Trump denies asking Barr to hold news conference clearing him on Ukraine call originally appeared on abcnews.go.com
President Trump on Thursday denied reports he wanted Attorney General William Barr to hold a news conference to say he broke no laws during his July 25 phone call with Ukrainian President Volodymyr Zelenskiy.
The story was first reported by the Washington Post and multiple sources familiar with the matter confirmed it to ABC News.
Trump tweeted that the story is “totally untrue,” saying “the degenerate Washington Post MADE UP the story about me asking Bill Barr to hold a news conference. Never happened, and there were no sources!”
The degenerate Washington Post MADE UP the story about me asking Bill Barr to hold a news conference. Never happened, and there were no sources!— Donald J. Trump (@realDonaldTrump) November 7, 2019
Barr declined to hold the news conference, the sources told ABC News.
Sources said the request came in September, soon after the White House released a memorandum reconstructing the president’s call with Zelenskiy.’
It was not immediately clear why Barr declined to hold a news conference, but ABC News has previously reported that the attorney general was irritated Trump brought him up on the call in tandem with his personal attorney Rudy Giuliani.
While Barr did not hold a press conference, the Justice Department did issue a statement soon after the release of the initial whistleblower complaint about the president’s call with Zelenskiy. In the statement, a Justice Department spokeswoman said the criminal division had reviewed the official record of the conversation and determined that “there was no campaign finance violation and that no further action was warranted.”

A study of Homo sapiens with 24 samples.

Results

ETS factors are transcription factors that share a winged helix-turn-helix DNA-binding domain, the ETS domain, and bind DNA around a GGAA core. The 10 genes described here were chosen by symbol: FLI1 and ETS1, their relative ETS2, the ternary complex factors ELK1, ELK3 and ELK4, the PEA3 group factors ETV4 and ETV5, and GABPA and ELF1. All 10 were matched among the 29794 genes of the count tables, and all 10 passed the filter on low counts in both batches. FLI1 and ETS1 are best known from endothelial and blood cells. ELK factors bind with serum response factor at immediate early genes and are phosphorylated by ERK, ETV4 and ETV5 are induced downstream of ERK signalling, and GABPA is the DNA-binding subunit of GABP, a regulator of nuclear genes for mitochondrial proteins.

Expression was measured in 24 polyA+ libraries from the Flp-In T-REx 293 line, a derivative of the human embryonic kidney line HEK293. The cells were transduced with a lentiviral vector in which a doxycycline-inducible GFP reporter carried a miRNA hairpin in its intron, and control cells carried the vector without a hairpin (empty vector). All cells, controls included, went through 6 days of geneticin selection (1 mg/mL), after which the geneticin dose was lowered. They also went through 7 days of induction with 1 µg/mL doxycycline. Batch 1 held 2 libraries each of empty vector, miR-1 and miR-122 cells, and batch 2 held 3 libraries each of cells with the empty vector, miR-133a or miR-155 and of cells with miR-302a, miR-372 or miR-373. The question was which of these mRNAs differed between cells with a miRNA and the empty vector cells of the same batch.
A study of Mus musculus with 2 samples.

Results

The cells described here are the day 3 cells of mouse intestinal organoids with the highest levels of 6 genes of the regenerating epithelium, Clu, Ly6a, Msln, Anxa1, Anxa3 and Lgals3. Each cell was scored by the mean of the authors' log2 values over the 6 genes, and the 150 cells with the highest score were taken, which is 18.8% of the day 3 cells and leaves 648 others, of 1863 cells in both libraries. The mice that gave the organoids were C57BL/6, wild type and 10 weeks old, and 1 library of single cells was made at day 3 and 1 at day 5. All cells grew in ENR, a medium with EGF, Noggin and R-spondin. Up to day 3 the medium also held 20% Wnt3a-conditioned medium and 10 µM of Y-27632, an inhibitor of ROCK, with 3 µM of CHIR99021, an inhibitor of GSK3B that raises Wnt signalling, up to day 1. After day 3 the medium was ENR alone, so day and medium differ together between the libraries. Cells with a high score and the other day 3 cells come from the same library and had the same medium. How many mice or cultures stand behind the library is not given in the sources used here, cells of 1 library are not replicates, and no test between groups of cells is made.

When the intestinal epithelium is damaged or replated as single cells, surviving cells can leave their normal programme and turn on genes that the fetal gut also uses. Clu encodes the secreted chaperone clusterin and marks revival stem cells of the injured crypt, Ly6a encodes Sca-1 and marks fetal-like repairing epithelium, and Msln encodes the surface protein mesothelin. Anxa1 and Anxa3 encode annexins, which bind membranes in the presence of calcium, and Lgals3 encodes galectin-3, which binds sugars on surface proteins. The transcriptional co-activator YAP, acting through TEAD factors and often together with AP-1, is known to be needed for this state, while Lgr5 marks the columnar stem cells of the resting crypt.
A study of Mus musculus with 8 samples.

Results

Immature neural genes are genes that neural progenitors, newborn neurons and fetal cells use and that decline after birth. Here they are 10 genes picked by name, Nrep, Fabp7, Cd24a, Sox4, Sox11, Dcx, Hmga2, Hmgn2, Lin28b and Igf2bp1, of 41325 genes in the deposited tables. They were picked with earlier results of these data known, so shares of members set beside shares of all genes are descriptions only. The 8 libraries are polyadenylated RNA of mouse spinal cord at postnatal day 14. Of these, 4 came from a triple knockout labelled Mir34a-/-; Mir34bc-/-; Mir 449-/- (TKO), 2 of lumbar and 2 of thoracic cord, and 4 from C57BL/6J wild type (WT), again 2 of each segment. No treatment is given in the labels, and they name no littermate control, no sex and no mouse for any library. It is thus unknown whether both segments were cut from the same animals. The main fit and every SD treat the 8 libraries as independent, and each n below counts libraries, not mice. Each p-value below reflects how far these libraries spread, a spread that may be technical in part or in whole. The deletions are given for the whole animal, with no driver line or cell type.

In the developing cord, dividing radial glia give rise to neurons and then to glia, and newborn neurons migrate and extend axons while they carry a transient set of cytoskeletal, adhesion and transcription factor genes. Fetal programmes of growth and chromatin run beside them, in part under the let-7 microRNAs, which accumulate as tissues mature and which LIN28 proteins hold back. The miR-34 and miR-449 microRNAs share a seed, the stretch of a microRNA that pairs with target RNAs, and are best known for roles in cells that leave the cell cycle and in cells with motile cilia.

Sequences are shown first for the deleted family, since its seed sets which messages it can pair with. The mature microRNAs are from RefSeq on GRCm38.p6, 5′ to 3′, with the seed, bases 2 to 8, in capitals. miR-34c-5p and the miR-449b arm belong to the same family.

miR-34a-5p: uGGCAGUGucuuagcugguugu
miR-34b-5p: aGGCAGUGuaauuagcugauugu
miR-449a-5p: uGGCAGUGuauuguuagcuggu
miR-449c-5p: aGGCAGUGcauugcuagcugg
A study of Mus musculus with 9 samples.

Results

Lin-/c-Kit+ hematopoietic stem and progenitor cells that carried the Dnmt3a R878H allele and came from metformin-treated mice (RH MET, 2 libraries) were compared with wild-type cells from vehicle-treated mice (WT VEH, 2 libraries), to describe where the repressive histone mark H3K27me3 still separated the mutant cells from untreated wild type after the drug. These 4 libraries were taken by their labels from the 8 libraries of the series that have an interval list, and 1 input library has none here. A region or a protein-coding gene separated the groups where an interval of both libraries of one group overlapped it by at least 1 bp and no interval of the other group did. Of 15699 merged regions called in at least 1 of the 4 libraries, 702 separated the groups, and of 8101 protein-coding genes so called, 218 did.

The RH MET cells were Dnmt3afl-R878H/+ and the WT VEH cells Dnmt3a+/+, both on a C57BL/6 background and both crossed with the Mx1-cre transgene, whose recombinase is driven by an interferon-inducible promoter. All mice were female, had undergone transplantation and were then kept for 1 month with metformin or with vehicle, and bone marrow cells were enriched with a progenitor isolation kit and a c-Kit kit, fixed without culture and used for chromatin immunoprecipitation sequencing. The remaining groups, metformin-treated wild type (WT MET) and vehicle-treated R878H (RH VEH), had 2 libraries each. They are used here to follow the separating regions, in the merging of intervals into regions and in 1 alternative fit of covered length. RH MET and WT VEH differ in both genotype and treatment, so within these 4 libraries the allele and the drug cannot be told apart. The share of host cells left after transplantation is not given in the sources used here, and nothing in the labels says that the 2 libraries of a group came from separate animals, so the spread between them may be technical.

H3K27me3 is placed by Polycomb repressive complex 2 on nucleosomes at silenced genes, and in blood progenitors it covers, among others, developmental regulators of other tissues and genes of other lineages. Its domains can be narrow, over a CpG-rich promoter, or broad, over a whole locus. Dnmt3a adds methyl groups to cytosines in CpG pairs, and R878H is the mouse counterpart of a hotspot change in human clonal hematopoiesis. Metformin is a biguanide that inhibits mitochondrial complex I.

That satisfied the president, according to one person with knowledge of what took place, and aides were able to redirect his concerns.
The president has mentioned the Barr’s refusal to associates in recent weeks, saying he wished the attorney general had held a press conference.
The revelation comes as Democrats prepare to take their impeachment inquiry public next week with televised hearings featuring key witnesses who have previously testified behind closed doors to House investigators and whose testimony Democrats argue builds a case of a quid pro quo to get Ukraine to launch investigations about the president’s political rivals.
ABC News' Jordyn Phelps contributed to this report.